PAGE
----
Looking West

Azerbaijan & Europe

Formerly a Soviet state, Azerbaijan has branched out since independence, especially in its globalization. The first European Games is only one step in Azerbaijan's focus on establishing itself in Europe.

The Eurovision Song Contest in 2012 and now the First European Games in 2015 are two examples of how Azerbaijan is integrating itself in Europe. Azerbaijan is now a noticeable part of Europe, and is continuing to increase that focus. Azerbaijan has long been a prospective partner for European countries due to its supply of natural oil and gas; however, there are also opportunities available in a number of other areas. Already a part of the European Neighbourhood Policy and the Council of Europe, Azerbaijan has set its eyes firmly on becoming a more important part of Europe.

From the Azerbaijani perspective, the viewpoint is positive about the potential for diplomatic and economic ties with Europe to expand. The Ministry of Foreign Affairs for Azerbaijan has worked hard to increase Azerbaijan’s cooperation with the EU. Talking on the matter, Elmar Mammadyarov, the Minister of Foreign Affairs, said, “Another development in our relations with the EU has been the signing of the Protocol on Azerbaijan’s participation in EU programs. This will enable Azerbaijan to have greater access to a range of EU programs.”

It is important not to forget Azerbaijan’s event of the year, the First European Games. It is a major event both for Azerbaijan and Europe, and the high percentage of votes in favor of Azerbaijan to host the event was indicative of the strong support for the country, not only to successfully manage an event of this scale, but also be a representative of Europe. However, the Games are not a one-off event for the country. The Islamic Games will be held in Baku in 2017, and it is noteworthy that the majority of countries participating in that event will be from the Middle East, Asia, or Africa, rather than Europe. Although Azerbaijan has looked to establish greater diplomatic ties in Europe, its status as a CIS member country will remain culturally important and ties to the region strong.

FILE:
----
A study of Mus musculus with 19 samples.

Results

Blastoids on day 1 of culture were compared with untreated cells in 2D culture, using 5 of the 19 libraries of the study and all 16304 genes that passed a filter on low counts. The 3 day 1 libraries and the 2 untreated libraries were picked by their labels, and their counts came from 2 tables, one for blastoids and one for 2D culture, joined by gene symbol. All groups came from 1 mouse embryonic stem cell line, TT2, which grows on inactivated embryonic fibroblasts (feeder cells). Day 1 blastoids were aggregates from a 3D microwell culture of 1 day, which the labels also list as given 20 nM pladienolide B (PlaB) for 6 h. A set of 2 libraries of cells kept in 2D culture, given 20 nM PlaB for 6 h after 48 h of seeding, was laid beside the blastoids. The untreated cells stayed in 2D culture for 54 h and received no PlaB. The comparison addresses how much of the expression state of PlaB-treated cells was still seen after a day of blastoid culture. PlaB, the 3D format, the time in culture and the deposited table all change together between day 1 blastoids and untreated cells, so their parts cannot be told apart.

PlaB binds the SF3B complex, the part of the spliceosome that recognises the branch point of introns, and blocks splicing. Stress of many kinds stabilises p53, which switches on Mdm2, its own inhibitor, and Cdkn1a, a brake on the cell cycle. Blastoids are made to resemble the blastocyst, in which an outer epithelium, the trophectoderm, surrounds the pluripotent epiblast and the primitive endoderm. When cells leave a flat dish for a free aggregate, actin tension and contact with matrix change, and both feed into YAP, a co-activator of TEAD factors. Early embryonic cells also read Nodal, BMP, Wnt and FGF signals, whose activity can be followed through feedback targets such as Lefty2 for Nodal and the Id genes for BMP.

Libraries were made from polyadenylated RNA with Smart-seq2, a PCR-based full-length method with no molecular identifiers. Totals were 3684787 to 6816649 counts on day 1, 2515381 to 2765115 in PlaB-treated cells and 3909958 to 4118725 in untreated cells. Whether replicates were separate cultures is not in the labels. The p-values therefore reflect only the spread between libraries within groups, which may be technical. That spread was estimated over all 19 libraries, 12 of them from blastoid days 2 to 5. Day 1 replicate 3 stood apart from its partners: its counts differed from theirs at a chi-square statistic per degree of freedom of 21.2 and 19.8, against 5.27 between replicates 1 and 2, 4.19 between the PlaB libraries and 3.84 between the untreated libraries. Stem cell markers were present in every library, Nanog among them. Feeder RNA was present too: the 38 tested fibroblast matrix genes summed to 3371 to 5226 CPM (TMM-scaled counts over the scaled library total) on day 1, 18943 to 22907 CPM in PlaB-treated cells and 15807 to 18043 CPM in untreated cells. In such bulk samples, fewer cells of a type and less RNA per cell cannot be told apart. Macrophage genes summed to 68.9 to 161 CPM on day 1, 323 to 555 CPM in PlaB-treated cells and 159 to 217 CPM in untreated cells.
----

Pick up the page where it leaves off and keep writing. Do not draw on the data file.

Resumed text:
Despite diplomatic ties being strengthened and increased with Europe, the balance in trade turnover between Europe and Asia for Azerbaijan has evened out in recent years, with Asia becoming a more prominent part of Azerbaijan’s export market. According to the State Statistical Committee (Azstat), Italy’s share of Azerbaijan’s exports has dropped from 43% in 2008 to 28.7% in 2013, while Indonesia’s had risen from 3.2% to 13.7% in the same time period. Countries such as India, Thailand, and Vietnam have also demonstrated increasing interest in Azerbaijani exports as the share of Asian countries in Azerbaijan’s export market rose from 12.2% to 31% from 2008 to 2013. This, however, does not take into account Azerbaijan’s potential as a gas exporter. The Southern Gas Corridor’s supply of gas to Europe will form a critical part of Azerbaijan’s export market, demonstrating that Europe will continue to be a lucrative option and a worthwhile diplomatic partner.
Ties are not, however, only being mulled due to the Games or energy. To help solidify relations in the long term, the First Lady HE Mehriban Aliyev has focused her efforts on developing international ties. She is the head of a number of interparlimentary groups, and in Decemeber 2014 met with French Senate Gerard Larcher in Paris through the Azerbaijan-France Interparliamentary Friendship Group. In the meeting, each commented on the fact that economic relations between the two countries are strong with more than 50 French companies now operating in Azerbaijan.

Many countries have been looking to develop cooperation in a number of fields in the non-oil sector. Poland has expressed interest in developing cooperation in the sphere of agriculture; Germany and Azerbaijan have discussed cooperation in tourism and ICT; while recent talks with Czech Republic have set forth targets to expand in sectors such as transport, investment, and SMEs. Azerbaijan is undoubtedly a favorable partner in the energy sector, but various developments in a number of areas have solidified its presence in Europe.